Date of Award
Doctor of Education
Counselor Education and Counseling Psychology
Dr. Robert M. Oswald
Dr. Edward L. Trembley
Dr. R. Brashear
The purpose of this study was to investigate the interrelationships of health in one's family-of-origin, one's parents' attitudes about parenting, personality style, personal effects of parental dysfunction and one's own parenting attitudes.
Subjects (N = 163) were adults from three different educational levels: adult education, community college and graduate school. Four different instruments were used in the collection of data: the Family-Of-Origin Scale, the Myers-Briggs Type Indicator (AV), a semantic differential on parenting and a second semantic differential on one's parents' parenting. Both parents and non-parents participated in the study. One way analysis of variance and Pearson correlation analysis were performed for significance.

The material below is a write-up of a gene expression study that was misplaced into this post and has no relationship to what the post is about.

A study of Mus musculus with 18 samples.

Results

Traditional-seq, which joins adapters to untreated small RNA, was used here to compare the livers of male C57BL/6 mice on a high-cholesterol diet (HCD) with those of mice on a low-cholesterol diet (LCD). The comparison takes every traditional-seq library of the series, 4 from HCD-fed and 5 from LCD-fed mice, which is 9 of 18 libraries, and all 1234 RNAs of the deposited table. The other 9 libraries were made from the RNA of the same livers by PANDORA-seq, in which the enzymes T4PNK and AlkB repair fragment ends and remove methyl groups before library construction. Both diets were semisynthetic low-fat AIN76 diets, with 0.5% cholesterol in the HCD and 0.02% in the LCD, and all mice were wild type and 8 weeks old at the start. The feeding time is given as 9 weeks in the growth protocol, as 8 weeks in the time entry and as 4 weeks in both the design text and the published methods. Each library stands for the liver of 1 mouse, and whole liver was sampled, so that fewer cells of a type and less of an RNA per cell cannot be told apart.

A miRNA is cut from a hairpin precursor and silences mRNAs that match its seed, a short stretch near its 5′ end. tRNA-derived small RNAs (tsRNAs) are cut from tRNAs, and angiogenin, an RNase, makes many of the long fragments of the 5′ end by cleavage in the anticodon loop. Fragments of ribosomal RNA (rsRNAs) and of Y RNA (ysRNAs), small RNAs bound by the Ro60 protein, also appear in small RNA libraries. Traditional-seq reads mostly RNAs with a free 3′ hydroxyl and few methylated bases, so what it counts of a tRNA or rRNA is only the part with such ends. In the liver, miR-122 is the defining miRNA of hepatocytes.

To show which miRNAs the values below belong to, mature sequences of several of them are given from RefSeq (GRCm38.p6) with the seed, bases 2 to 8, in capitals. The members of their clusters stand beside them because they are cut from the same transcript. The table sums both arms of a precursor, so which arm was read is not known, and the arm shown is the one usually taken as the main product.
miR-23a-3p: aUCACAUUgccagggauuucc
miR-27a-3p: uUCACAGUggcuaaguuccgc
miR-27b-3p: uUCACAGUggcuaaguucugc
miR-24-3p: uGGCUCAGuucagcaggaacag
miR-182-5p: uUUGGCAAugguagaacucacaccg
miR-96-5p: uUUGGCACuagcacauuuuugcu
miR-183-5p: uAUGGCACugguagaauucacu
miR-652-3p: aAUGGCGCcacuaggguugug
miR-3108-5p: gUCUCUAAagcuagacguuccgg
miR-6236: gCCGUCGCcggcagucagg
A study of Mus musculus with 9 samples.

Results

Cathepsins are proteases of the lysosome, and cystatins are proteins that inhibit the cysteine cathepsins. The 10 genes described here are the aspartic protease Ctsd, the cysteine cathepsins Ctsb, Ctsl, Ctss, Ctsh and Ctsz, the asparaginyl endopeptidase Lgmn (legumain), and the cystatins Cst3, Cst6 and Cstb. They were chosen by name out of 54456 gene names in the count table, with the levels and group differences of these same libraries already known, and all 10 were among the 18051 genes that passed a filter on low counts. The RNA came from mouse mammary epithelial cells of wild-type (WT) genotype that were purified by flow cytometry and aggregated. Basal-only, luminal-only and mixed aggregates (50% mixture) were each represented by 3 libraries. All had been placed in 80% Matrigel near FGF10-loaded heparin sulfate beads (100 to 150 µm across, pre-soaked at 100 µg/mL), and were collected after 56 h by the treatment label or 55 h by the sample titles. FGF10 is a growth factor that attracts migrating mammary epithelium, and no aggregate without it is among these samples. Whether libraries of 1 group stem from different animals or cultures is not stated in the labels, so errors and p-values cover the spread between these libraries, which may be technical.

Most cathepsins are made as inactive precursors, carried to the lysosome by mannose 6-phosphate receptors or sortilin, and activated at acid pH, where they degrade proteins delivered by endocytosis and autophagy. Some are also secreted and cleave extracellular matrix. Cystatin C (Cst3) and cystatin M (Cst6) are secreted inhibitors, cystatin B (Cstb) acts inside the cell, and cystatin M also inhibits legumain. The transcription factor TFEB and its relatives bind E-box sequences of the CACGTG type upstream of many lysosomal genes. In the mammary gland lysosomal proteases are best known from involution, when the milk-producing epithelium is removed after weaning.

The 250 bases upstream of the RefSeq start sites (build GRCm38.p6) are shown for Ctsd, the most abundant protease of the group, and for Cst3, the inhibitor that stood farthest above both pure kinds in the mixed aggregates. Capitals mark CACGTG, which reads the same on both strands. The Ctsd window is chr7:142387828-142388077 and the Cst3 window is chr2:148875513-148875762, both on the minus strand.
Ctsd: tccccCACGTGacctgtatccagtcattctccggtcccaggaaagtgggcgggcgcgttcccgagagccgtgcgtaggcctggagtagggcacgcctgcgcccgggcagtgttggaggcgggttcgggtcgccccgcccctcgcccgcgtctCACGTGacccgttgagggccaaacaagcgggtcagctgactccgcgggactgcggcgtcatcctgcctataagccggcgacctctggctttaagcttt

Four of the five hypotheses about parenting attitudes were confirmed (p $<$.05). Namely, those predicting that past perceptions of both health within one's family-of-origin and one's parent's parenting, correlated with one's own parenting attitudes; one's personality style correlated with one's parenting attitudes; and reported personal effects from living with one or two dysfunctional parents correlated with one's perceived health in family-of-origin. Parental status was not a factor in the analysis.
Russell, David Lee, "A Study of Personality Style and Intergenerational Attitudes on Parenting" (1989). Dissertations. 2150.